Antenna Temperature () is a parameter that describes how much noise an
antenna produces in a given environment. This temperature is not the physical temperature of the antenna. Moreover, an antenna
does not have an intrinsic "antenna temperature" associated with it; rather the temperature depends on its gain pattern and
the thermal environment that it is placed in. Antenna temperature is also sometimes referred to as Antenna Noise Temperature.
To define the environment (and hence give the full definition of antenna temperature), we will introduce a temperature distribution - this is the temperature in every direction away from the
antenna in spherical coordinates. For instance, the night sky is roughly 4 Kelvin; the value of the temperature pattern
in the direction of the Earth's
ground is the physical temperature of the Earth's ground. This temperature distribution will be written as
. Hence, an antenna's temperature will vary depending on whether it is
directional and pointed into space or staring into the sun.
For an antenna with a
radiation pattern given by
the noise temperature is mathematically defined as:
This states that the temperature surrounding the antenna is integrated over the entire sphere, and weighted by the antenna's radiation pattern.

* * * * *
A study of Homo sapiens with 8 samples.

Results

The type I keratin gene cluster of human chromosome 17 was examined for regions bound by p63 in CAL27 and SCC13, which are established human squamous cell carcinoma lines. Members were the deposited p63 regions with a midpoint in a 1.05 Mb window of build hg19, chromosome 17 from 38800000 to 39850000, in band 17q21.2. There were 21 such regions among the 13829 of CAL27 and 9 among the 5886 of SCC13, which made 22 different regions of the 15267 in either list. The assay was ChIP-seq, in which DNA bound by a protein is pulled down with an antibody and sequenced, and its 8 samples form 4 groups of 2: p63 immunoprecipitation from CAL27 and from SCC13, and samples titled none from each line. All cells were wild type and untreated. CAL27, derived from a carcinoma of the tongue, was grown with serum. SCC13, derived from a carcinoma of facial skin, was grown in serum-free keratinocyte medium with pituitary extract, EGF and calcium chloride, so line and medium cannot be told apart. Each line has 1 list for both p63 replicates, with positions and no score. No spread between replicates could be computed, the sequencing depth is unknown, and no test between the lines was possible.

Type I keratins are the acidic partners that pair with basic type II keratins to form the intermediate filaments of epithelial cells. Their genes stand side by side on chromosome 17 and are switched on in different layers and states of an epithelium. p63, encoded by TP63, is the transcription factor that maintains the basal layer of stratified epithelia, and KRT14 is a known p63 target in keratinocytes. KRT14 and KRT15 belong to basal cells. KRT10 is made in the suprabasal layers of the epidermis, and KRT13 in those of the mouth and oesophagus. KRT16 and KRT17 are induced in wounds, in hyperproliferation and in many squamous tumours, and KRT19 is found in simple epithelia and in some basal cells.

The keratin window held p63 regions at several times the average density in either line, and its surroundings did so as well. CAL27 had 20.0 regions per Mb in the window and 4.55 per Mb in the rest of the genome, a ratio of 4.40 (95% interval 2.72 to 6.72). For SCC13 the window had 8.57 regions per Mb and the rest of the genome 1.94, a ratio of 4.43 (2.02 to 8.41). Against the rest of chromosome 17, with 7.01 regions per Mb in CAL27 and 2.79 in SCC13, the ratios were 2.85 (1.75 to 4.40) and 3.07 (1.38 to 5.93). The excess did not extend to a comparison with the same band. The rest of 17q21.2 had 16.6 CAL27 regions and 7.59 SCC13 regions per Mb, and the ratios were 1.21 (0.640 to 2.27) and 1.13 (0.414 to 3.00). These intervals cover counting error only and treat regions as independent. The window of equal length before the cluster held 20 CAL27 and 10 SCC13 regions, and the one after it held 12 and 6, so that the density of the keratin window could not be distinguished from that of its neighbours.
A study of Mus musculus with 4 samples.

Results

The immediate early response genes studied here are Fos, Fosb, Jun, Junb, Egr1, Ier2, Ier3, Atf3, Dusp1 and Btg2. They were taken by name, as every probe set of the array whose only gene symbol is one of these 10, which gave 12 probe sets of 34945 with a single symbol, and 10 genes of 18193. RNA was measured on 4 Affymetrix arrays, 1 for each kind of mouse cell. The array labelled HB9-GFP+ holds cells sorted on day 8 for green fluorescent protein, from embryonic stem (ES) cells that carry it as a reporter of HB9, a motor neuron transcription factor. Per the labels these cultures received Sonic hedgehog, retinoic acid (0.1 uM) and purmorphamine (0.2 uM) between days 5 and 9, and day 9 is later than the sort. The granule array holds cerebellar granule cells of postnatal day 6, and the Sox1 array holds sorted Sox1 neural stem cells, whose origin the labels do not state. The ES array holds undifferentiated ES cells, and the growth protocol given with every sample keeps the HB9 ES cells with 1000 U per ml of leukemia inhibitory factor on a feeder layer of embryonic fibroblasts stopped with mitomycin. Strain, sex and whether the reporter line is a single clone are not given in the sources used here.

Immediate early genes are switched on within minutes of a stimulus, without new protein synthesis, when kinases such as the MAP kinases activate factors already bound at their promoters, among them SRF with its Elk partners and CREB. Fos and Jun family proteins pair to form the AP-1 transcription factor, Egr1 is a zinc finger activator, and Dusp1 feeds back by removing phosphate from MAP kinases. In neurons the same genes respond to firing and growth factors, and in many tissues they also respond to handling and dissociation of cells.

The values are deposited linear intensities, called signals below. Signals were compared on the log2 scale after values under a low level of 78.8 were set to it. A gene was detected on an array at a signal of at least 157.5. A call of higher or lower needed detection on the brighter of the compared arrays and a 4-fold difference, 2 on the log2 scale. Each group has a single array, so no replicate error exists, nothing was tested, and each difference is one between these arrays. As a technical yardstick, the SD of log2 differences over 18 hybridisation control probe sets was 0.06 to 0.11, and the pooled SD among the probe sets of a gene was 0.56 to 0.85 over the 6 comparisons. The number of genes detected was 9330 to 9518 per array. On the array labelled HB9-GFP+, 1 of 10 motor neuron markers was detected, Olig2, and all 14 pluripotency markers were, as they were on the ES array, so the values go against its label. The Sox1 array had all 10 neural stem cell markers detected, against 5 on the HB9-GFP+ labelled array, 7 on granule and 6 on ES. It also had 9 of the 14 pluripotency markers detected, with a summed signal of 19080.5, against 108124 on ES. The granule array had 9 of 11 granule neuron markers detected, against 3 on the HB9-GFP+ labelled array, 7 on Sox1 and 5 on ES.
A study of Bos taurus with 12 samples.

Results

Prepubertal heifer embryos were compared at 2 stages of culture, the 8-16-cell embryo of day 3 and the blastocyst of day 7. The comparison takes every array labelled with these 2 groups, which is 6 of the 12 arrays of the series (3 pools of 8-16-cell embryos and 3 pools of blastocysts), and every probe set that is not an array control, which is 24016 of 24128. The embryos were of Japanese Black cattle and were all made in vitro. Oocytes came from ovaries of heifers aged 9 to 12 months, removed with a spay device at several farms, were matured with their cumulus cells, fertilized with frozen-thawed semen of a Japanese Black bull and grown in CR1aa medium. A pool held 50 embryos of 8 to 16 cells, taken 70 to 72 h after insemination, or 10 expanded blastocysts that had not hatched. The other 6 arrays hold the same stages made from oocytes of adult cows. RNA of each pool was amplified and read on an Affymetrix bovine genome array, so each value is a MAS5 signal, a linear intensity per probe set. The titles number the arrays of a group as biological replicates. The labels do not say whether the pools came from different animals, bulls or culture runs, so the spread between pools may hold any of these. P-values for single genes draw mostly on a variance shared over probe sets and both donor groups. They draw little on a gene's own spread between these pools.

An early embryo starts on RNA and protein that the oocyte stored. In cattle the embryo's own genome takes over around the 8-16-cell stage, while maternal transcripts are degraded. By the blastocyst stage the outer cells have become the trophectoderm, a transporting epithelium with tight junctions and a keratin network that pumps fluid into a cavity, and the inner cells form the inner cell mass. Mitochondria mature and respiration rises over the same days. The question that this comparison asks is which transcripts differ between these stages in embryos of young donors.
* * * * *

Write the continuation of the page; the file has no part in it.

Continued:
Hence, an isotropic antenna would have a noise temperature that is the average of all temperatures around the antenna; for a perfectly directional
antenna (with a pencil beam), the antenna temperature will only depend on the temperature in which the antenna is "looking".
The noise power received from an antenna at temperature can be expressed in terms of
the bandwidth (B) the antenna (and its receiver) are
In the above, K is Boltzmann's constant (1.38 * 10^-23 [Joules/Kelvin = J/K]). The receiver also has a temperature associated
with it (), and the total system temperature (antenna plus receiver) has a
combined temperature given by . This temperature can be used in the above
equation to find the total noise power of the system. These concepts begin to illustrate how antenna engineers must understand
receivers and the associated electronics, because the resulting systems very much depend on each other.
A parameter often encountered in specification sheets for antennas that operate in certain environments is
the ratio of gain of the antenna divided by the antenna temperature
(or system temperature if a receiver is specified). This parameter is written as G/T, and has units of dB/Kelvin [dB/K].
Finally, note that many RF engineers like to use the term Noise Figure (or Noise Factor, NF) to describe systems. This is the ratio
of the input SNR (signal to noise ratio) to the output SNR. Basically, all RF devices (like mixers and amplifiers) add some noise.
Antenna temperature doesn't really relate to a Noise Figure, as the signal level power input varies greatly with the desired
signal's direction of arrival, while the noise added is a constant.